West Melbourne’s Tectonica Australia has designed and developed visual and audio technology that will protect soldiers in combat and be exported through the Rheinmetall Defence global supply chain, the two companies announced on today.
Tectonica has developed the technology and successfully integrated it during two programs – the LAND 400 Phase 2 trials with the Australian Army and the German Army’s demonstrator Boxer project.
The local situational awareness system (LSAS) is called ALTERA and acts as the eyes and ears for soldiers in combat and is designed to increase awareness and protection.
ALTERA uses visual and audio technologies to provide vehicle crews and operators with improved situational awareness by enabling them to hear and see their surrounding environment, while remaining protected under armour. ALTERA was trialled by Rheinmetall and demonstrated to the German Bundeswehr to assess the improvement to situational awareness it delivers.
Crews can record reconnaissance missions and conduct after action reviews while instructors can supervise trainee crews and safety officers can monitor gunnery training from the comfort and safety of the passenger compartment. The imagery can also be made available to the battle management system.
Managing director of Rheinmetall Defence Australia Gary Stewart said the LSAS capability demonstrated the opportunities created through a national military vehicle industry focused on export opportunities to defence programs worldwide.
"Tectonica is a proven leader in the Australian defence industry that employs highly skilled engineers and manufacturing workers, invests significantly in research and development and exports its products globally," Stewart said.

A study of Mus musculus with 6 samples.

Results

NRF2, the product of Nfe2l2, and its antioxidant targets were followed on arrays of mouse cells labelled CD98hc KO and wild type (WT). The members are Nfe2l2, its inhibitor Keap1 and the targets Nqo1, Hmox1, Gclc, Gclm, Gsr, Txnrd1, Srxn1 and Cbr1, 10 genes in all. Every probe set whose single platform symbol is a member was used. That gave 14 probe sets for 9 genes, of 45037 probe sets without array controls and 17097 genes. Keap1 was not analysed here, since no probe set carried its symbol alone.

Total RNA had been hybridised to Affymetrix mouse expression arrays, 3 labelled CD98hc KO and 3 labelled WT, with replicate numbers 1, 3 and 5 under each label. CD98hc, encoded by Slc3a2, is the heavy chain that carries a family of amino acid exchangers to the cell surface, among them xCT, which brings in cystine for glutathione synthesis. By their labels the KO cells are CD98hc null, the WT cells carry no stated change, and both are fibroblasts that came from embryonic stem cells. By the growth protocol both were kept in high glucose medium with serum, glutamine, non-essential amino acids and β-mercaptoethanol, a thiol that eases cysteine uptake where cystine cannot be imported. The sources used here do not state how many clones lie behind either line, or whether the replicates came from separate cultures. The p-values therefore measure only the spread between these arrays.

"Tectonica’s partnership with Rheinmetall commenced with the joint funding of the LSAS project, and today’s important milestone will enable defence forces using Rheinmetall military vehicles to better protect their soldiers."
Tectonica Australia managing director David Levy said LSAS brought together a number of critical vehicle functions into a single system by applying the principles of open architecture.
"We are pleased to have this opportunity to provide a vital situational awareness capability to the ADF in partnership with a world leader in armoured vehicles," Levy said.
"Our partnership with Rheinmetall continues to demonstrate the company’s commitment to supporting Australian SMEs by providing a platform whereby innovative local technology can be exported to defence force programs around the world."
Rheinmetall, which has offered its Boxer CRV for the LAND 400 Phase 2 project, is up against BAE Systems, which has offered the AMV-35.
Under the German company's bid for the project, which is worth up to $5 billion, 225 combat reconnaissance vehicles for the Australian Army will be built in Queensland if Rheinmetall is successful.
Rheinmetall has partnered with several Australian SMEs for the project, including Melbourne-based Cablex, Burnie-based Direct Edge, Brisbane-based G&O Kert, Melbourne/Brisbane-based Hilton Manufacturing, Perth-based Hoffman Engineering, Melbourne-based Nezkot Precision Tooling and Engineering, Adelaide-based Plasteel and Adelaide-based Redarc.
Rheinmetall has also partnered with BlueScope, which would see the Port Kembla steelworks company deliver thousands of tonnes of feedstock for the LAND 400 Phase 2 project.
The company has also committed to establishing a Military Vehicle Centre of Excellence (MILVEHCOE), which will be the global manufacturing base for the Boxer CRV, the company’s new LYNX Infantry Fighting Vehicle and range of LANCE turrets under its LAND 400 offering to Australia.
The government will make a decision on the LAND 400 Phase 2 project in the first half of this year, with the national security committee expected to make a decision on the project as early as this week.